When it was announced that this year's Nobel Peace Prize would be given to the European Union, I was thrilled.
There were others who were less excited, even skeptical and cynical.
After all, these doubters said, why honor the EU when it is enveloped in such immense economic challenges?
Others questioned why, if the Norwegian committee was so enamored by the European Union, is it that Norway has consistently rejected joining, preferring to go its own way unencumbered by a Brussels-based bureaucracy?
And there were those who noted it could have been still worse -- the EU might have received the Nobel Prize for Economics instead!
But the award committee took a longer view, and so do I. It dates back more than 60 years to the period just after the Second World War.
In 1946, Winston Churchill, in a speech in Zurich, spoke of the need to "recreate the European family" and allow it to "dwell in peace, in safety and in freedom." "The first step," he proposed, "must be a partnership between France and Germany."
Taking up the theme, French Foreign Minister Robert Schuman and his key aide, Jean Monnet, declared: "The coming together of the nations of Europe requires the elimination of the age-old opposition of France and Germany."
And thus the process of European integration began, recognizing that forging economic interdependence, first through coal and steel, then broadening the agenda, would help buttress the political evolution from war to peace.
This visionary effort, doubted by some from the start, has achieved remarkable results.
It is a reminder of two elements of political leadership so necessary at any stage in history -- the ability to look beyond the issues du jour and visualize a brighter tomorrow, and the capacity to turn an idea into reality.
Consider the three main accomplishments of the EU to date.
First, the goal of Churchill, Schuman and Monnet has been achieved. War between France and Germany is unthinkable, against the backdrop of three devastating conflicts between 1870 and 1945. Indeed, the border between the two, once defined by the French-built Maginot Line to try to protect against German invasion, is wide open and unpatrolled.
Second, Greece, Portugal and Spain shed their authoritarian regimes and, lured by the appeal of European integration and its benefits joined the union, further entrenching democracy and peace in an expanding zone.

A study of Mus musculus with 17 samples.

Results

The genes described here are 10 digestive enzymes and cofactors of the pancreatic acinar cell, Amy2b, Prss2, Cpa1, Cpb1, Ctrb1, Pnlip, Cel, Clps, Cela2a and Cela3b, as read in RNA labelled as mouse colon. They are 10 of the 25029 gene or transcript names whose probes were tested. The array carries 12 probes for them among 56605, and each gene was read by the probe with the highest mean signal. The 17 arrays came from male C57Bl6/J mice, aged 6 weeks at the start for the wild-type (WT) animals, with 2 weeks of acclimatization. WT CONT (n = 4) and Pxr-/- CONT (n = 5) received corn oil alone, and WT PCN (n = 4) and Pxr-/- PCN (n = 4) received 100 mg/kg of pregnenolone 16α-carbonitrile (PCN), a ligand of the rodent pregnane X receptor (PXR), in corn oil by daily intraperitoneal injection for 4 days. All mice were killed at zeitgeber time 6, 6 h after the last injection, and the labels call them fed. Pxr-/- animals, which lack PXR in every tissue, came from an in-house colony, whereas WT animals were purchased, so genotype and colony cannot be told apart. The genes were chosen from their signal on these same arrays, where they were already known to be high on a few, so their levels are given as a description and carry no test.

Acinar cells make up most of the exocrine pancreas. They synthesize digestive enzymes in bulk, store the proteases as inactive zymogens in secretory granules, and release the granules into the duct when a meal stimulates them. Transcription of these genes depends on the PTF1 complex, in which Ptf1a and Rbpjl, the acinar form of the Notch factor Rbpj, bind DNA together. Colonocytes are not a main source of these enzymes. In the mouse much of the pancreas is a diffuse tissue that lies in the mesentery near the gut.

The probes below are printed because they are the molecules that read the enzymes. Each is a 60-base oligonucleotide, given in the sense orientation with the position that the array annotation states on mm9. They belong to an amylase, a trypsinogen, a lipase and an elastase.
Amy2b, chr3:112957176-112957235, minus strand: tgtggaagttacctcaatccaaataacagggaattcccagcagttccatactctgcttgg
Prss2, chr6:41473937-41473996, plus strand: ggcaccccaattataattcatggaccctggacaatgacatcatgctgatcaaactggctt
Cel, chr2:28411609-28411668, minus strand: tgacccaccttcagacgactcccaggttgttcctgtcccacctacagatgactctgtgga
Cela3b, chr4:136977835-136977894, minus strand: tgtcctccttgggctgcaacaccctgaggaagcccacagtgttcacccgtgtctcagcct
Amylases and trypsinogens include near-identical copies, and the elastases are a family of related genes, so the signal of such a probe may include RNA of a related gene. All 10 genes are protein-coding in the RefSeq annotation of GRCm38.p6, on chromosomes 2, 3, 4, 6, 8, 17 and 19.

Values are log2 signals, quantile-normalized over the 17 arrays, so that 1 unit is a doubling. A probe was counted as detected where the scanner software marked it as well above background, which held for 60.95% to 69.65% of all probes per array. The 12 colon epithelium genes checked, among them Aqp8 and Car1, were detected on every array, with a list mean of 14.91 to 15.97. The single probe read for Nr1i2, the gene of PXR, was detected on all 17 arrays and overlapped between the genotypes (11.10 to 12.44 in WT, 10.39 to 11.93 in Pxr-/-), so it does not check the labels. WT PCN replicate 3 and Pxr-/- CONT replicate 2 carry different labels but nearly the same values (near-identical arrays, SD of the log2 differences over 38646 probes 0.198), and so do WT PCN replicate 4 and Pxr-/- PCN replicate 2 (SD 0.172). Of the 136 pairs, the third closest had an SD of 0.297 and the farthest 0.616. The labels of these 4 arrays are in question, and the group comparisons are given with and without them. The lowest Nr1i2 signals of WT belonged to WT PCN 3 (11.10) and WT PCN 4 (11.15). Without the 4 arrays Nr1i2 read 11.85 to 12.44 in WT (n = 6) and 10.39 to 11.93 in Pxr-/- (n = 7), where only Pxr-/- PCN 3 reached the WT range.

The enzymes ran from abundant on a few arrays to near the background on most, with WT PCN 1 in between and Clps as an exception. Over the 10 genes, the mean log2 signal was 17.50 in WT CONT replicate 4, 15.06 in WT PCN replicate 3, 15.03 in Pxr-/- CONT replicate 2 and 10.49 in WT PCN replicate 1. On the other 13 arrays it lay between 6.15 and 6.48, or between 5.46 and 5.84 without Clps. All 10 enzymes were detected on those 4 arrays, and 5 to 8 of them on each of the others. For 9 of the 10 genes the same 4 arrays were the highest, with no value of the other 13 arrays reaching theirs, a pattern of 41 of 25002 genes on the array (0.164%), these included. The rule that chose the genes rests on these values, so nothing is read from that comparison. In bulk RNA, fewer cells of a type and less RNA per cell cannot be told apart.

And third, ten post-communist societies, from the Baltic states in the north to Bulgaria in the south, moved as quickly as they could to anchor themselves in the EU, helping to create a 27-nation region where citizens no longer fear war or fight endlessly over such once disputed territories as Alsace-Lorraine and Transylvania.
There is a fourth prospect that looms just ahead -- an end to the centuries-old conflicts that made the Balkans synonymous with irreconcilable differences. Croatia will join the EU next year, and Albania, Bosnia, Macedonia, Montenegro and Serbia are future prospects. But, for instance, Macedonia knows that it will not enter unless it resolves its differences with EU members Bulgaria and Greece, just as Turkey has no chance unless, at a minimum, it finds an acceptable solution with EU member Cyprus to the island nation's current division.
So, I happen to believe that the Nobel Prize could not have been better timed. It is a necessary reminder of what the EU is really all about. A continent once ravaged by one war after another, and whose soil has been soaked with the blood of countless millions who were killed because of racial theories, religious disputes, territorial claims, leaders' egomania, economics and more, no longer loses sleep fearing a new outbreak of cross-border violence.
While the EU is understandably preoccupied today with internal challenges, longer term, it does have a potentially critical role to play on a fifth frontier -- the Middle East. Specifically, the EU should devote more attention to how it can help ensure a successful peace process between Israel and the Arab world, drawing on its own lessons of conflict resolution.
Sound unrealistic or naïve? Perhaps, but no more so than Churchill, Schuman and Monnet did when they envisioned a different world over 60 years ago.
This piece originally appeared in Spanish in El Pais, Spain's largest-circulation daily newspaper.